Help! Valveking problem!
I have a peavey valveking 112 that has worked fine for 4 months until recently when it decided to start making a high pitch squeel whenever it is on and the standby switch is on.

I have put a new speaker in it, an eminence private jack.

It doesnt matter if there is a guitar plugged in or not. Anytime it is on it makes this high pitch hum/squeel. When i flip the standby switch to standby the pitch of the squeel lowers until it is silent. It sounds like a jet engine shutting down. Flip the standby switch back up and it starts low and gets high again. This noise stays steady in pitch and volume.

I've looked at the power tubes and they aren't a weird color or anything. They have a bluish tint when the standby switch is on but it has always been that way.

I checked the preamp tubes and none of them are cracked or anything.

Anybody have any ideas? I think this would be covered by warranty but if its something simple that i could fix I'd like to avoid the trouble of having the warranty fix/replace it.

Any help would be greatly appreciated.

Kevin Saale 09-21-2008 10:13 PM

Sounds like a noisy preamp tube. Try switching them around, it's probably the one in v1 or v2.

Wrst_Plyr_Evr 09-21-2008 10:18 PM

I don't mean to hi-jack the thread, but is it bad that I leave my stand-by switch and my power switch on at the same time? what's the stand-by even do? I have the same amp if it matters.

Kevin Saale 09-21-2008 10:24 PM

The standby is to warm up the tubes and make them last a little longer. Its more convenience than necessity. If you want your tubes to last a bit longer turn the power switch to on, while the standby switch is still set down to standby or off or whatever. Let it warm up for 30 seconds and then flip the standby switch to on.

311ZOSOVHJH 09-21-2008 10:39 PM

pac108 - that does sound wierd. Are you sure it is not your guitar. Can you validate that? Same with environment, can you validate that nothing has been added. Pedals, florescent lights, etc?

What happens if you use the second input jack?

pac108 09-21-2008 10:51 PM

Well Kevin, you are the man. That fixed it. Thank you tremendously. Wish I'd have known that friday. I had to play two shows with a crappy ibanez SS.

Would it be a good idea to get some new tubes?

Also, I've been thinking about making it into a head. is this a good idea? anything special i need to be aware of?

Kevin Saale 09-21-2008 10:58 PM

New tubes would be a great idea, the stock tubes it has are rubbish. Not worth it to make it into a head, just get an extension cab and use the speaker out.

pac108 09-21-2008 11:03 PM

One more thing Kevin and thank you for all you help. What would be good tubes to replace them with?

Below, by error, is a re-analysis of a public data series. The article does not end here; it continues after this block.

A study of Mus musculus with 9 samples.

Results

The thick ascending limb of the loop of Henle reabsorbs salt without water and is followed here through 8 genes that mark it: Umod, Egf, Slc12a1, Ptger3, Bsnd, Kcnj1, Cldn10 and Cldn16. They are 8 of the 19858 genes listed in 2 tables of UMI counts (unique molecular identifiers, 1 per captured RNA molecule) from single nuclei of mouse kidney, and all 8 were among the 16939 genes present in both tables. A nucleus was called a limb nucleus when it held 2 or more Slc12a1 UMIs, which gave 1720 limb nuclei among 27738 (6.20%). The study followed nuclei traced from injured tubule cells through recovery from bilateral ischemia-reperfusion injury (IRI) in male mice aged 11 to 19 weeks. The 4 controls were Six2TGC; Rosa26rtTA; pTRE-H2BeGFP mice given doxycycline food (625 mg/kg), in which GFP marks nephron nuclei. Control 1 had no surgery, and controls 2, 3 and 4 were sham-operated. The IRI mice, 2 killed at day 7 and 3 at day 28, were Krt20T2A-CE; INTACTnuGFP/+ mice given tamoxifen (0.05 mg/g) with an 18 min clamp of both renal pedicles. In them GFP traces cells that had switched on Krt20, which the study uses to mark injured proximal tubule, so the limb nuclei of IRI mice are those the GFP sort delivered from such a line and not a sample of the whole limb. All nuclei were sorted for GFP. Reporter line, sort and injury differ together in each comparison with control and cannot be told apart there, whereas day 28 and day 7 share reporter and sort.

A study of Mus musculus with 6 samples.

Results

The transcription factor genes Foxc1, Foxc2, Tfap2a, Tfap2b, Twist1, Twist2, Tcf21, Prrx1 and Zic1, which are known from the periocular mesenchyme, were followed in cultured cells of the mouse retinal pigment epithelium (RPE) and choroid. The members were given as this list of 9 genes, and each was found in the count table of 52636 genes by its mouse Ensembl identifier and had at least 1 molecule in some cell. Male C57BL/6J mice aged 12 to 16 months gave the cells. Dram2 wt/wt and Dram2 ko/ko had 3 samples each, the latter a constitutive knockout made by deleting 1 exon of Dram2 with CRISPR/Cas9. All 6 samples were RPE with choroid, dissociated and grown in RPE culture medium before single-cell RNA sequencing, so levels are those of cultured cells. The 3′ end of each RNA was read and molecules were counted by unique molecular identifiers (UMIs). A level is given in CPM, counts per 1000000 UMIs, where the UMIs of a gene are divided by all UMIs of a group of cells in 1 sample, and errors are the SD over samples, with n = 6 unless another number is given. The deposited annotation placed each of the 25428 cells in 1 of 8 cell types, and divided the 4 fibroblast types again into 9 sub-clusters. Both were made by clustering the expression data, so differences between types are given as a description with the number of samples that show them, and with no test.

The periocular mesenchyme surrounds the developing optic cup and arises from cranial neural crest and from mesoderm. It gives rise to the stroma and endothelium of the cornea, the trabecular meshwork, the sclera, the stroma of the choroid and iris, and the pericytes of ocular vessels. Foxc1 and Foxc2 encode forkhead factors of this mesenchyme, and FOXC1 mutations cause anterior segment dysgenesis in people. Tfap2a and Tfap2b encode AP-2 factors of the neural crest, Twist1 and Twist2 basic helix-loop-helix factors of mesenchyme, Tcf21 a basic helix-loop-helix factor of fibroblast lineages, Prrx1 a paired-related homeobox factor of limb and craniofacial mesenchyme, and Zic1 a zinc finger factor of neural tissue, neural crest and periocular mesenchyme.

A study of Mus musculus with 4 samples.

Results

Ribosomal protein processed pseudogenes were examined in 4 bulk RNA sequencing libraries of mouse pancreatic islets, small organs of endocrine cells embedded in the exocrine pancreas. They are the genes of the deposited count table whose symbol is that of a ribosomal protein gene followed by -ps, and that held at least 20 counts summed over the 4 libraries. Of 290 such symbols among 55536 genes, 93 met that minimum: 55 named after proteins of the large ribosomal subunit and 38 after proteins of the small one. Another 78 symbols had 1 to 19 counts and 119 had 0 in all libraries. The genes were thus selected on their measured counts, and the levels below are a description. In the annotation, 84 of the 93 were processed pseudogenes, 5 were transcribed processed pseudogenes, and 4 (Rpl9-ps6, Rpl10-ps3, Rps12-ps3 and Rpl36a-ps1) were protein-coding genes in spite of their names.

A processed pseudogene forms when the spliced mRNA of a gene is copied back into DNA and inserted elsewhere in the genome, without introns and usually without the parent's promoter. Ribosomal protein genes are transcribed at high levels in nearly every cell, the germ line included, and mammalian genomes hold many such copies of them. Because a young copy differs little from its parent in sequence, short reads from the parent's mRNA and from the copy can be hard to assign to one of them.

Well, two more things. Is there a tube amp toubleshooting list somewhere? It'd be nice to have something to look up a problem and have possible solutions.

Kevin Saale 09-21-2008 11:14 PM

I'm not sure for that amp, zoso could help you better.

I can give you a quick trouble shooting guide, not totally comprehensive but a good place to start

First and foremost, eliminate the guitar, pedals, and cables out of the equation, try a different cable and a different guitar to make sure the ones you're using aren't causing the problem.

Insure that the amp is on and plugged in, seems like a no brainer, but I've seen people mess this up. Insure that the volume is turned up on the guitar and the amp.

If the amp doesn't turn on at all it's more than likely the fuse blew.

If the amp turns on, but the tubes don't light up, you may have blown the HT fuse, not as easy to change as the mains fuse since it's in the chassis many times. Depends on the amp.

If you have screeching feedback or high pitched noises and you're sure it not the pups in your guitar then you have a microphonic preamp tube, switch the input position with the phase splitter or something for a temporary fix, but order some new ones. Get a balanced tube for the phase splitter.

If you have volume fluctuations or the tone just generally seems dull, you probably have power tubes on the way out, possibly dying preamp tubes, but the power tubes generally only last half the time as preamp tubes. Power tubes generally last 1-3 years depending on usage, preamp tubes can be good for 3-5. NOS tubes will typically last longer with some examples of preamp tubes able to last decades.

If you smell something burning or see smoke, turn the amp off IMMEDIATELY and have a tech look at it.

Always make sure the cab or speaker is plugged in before you turn on the amp. If not you will at the least fry your power tubes and at the worst totally destroy the amp. This is not good.

When you replace power tubes make you bias the amp (VKs and peaveys in general don't need to be biased though) or order tubes that are designed to match the bias of your amp if it doesn't have a bias adjustment pot. Cathode bias amps (like the VK) need no biasing.

That's all I can think of, and while I must be missing something those are some good things to check over before you go to a tech or post here. I'm not saying don't go to a tech or don't post here, but 95% of the time going through that list will probably solve your problem.

pac108 09-21-2008 11:29 PM

thanks again man.

311ZOSOVHJH 09-21-2008 11:44 PM

^that was a great overview Kevin.

you pretty much nailed everything. And yes, the Valveking doesn't need biasing. Just plug right in. Lot's of folks will swear by JJ tubes but I read a post on here that now makes me think twice. The comments from Erock were most interesting and it is hard to not listen to what he says. I think I saved it. Wait.

Also, check in the Valveking Discussion Thread.